Compliance / PPE

ANSI fall protection standards: Keep up with changing practices & equipment

January 3, 2013

Why these changes matter

Some of you may be asking yourself, how does this concern me since OSHA regulations have not changed? ANSI standards are continually changing or evolving as fall protection practices and/or equipment make advances in the industry. OSHA regulations change slowly with the last significant change in fall protection being in 1995 (OSHA 1926 Subpart M).

Where you may be most affected by ANSI are the “best practices” that ANSI Z359 Standards offer. Though ANSI standards are not regulation, they are considered “best practices” and offer you the opportunity to improve safety in your workplace. Many large corporations have adopted these standards and expect their contractors to adopt them as well.

Keeping informed of new ANSI standards should be paramount in your business. There are many ways to keep up to date on new ANSI Standards that may affect you. Here are a few ideas:

1. Buying ANSI standards: Copies of the standards themselves are not printed on the web. Copies of specific ANSI Standards can be purchased through the following publisher organizations — American Society of Safety Engineers (ASSE) or the International Safety Equipment Association (ISEA) and elsewhere. The proceeds go to funding past and present administration of future standard writing and publication.

2. Become a member: Become a member of an organization such as the American Society of Safety Engineers (ASSE) or the International Society for Fall Protection (ISFP) . These are examples of non-profit organizations that can help you stay informed by announcing new or changing ANSI Standards among other news in safety and fall protection.

3. Professional trainers: You probably know or may presently use the services of a professional trainer for fall protection training of your climbers. Your training company should help you stay informed of new or changing standards in the industry. This should be part of your on-going training or re-training.

4. Fall protection manufacturer: Your favorite fall protection manufacturer should be able to help you stay informed upon your request. Involvement in the ANSI Standard process is vital to any personal protective equipment (PPE) or fall protection manufacturer. Send an email or call a manufacturer about any ANSI question for which you may need clarification. Some manufacturer websites can be a wealth of information as well.

5. Website search, webinars and periodicals: Search engines can be a great way to get info on ANSI Standards or interpretation thereof. Webinars hosted by industry periodicals, like this one, can assist you in staying informed. “White Paper” articles in industry and trade magazines or posted on websites can be excellent opportunities for educating yourself on many of the latest safety issues.

Take a look at your lanyard

Though it may be essential for you to stay informed on all aspects of the ANSI Z359 Fall Protection Code, this writer wants you to be acutely aware of ANSI Z359.1-2007- Safety Requirements for Personal Fall Arrest Systems, Subsystems and Components or more recently ANSI Z359.12-2009- Connecting Components of Fall Protection Systems. Pay specific attention to the part of these standards that relates to 3,600 lbs. (16kN) Snaphook and Carabiner gate strengths. The gate strength of snaphooks has increased greater than ten times — 3,600 pounds or 16kN /minimum — over previous standard requirements [ANSI Z359.1-1992 (R1999) or ANSI A 10.32-2004].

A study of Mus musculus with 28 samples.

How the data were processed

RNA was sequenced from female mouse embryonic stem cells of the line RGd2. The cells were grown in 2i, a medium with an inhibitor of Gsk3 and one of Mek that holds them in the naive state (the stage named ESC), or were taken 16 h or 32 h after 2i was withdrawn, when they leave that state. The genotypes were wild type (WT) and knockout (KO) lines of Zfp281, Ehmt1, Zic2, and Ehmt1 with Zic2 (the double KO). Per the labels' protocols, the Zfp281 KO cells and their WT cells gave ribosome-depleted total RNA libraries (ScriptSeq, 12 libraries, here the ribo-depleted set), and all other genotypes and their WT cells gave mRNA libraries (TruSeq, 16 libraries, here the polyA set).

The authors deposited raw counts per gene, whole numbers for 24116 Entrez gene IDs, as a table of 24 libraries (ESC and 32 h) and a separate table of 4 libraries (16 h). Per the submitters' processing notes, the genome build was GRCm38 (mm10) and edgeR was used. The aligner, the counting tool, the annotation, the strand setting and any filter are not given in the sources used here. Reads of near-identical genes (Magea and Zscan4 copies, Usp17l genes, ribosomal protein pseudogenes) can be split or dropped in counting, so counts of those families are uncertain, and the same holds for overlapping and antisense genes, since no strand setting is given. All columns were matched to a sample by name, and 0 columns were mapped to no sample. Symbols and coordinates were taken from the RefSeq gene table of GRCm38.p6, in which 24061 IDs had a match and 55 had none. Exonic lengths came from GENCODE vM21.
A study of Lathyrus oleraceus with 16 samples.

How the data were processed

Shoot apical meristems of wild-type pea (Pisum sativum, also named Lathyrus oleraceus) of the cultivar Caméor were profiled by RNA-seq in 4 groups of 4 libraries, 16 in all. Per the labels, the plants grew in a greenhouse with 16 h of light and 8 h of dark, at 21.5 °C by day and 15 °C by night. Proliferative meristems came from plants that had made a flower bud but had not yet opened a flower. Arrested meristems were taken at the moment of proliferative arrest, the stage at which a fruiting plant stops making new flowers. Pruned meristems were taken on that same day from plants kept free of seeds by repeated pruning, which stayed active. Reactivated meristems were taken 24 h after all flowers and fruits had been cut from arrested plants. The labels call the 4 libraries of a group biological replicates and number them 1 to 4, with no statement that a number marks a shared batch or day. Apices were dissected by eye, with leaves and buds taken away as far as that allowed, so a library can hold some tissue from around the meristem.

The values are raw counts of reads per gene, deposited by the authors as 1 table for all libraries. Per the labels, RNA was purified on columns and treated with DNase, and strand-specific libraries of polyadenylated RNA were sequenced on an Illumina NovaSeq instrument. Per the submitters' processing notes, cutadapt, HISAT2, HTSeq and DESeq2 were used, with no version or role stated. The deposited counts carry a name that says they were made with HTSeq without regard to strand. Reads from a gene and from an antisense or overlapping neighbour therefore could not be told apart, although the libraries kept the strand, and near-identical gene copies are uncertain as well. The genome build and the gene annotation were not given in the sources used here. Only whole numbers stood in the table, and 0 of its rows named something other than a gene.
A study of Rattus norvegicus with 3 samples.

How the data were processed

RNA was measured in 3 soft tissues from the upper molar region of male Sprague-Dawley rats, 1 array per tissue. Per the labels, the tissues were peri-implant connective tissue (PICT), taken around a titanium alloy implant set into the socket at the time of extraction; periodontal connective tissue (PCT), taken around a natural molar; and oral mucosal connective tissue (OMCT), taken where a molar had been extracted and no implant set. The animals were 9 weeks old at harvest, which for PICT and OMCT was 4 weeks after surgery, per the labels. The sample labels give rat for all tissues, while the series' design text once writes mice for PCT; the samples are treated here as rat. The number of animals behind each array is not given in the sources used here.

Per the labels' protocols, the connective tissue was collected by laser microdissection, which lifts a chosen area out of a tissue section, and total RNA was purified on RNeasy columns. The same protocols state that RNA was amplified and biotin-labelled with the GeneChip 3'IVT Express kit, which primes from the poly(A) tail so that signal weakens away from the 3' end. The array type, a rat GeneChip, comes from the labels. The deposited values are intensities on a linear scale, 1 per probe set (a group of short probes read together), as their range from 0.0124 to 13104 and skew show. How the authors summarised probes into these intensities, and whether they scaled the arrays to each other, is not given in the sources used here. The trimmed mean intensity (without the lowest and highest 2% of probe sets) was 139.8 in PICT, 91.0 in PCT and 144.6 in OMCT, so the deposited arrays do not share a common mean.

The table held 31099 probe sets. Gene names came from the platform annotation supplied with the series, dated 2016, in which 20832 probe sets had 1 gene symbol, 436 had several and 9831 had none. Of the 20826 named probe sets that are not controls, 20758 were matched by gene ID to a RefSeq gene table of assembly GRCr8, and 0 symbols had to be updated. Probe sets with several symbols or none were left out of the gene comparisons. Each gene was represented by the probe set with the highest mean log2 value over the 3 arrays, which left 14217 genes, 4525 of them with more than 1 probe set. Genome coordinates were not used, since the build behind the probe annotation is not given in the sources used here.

The purpose of the increased gate strength, to 3.6M or 16kN, is to reduce the potential for unintentional disengagement of the snaphook or carabiner from the anchorage. Perhaps improved gate strength may be the single most significant change in fall protection since the requirement of full body harnesses in 1998. The security of the gate strength in snaphooks and carabiners has improved on all ANSI Z359 lanyards manufactured after November 2007. Therefore, any lanyard you have in-service or in-use manufactured prior to December 2007 may be significantly less effective in protecting your at-risk workers and your company. You may want to consider a lanyard replacement immediately. Your new lanyard, with 3.6M or 16kN gate strength snaphooks or carabiners, should have a label marked ANSI Z359.3-2007 or ANSI Z359.13-2009 depending on the type lanyard you purchase — energy-absorbing or positioning.

To ensure you are getting the most up-to-date fall protection products, consult a distributor that knows your type of business or specializes in fall protection. For instance, if you are a tower climber, go to a telecom distributor and have them assist you with your specific fall protection needs. They are likely to have other customer/climbers with the same or similar needs you require. If not, they know who to contact to get exactly what you require.

 The local hardware store or construction supply house, though convenient, is not likely to have what you need in stock or be familiar with your specific fall protection requirements. Talk to a fall protection specialist distributor. It will pay off in the long run and probably save you money getting the right products for the right job the first time.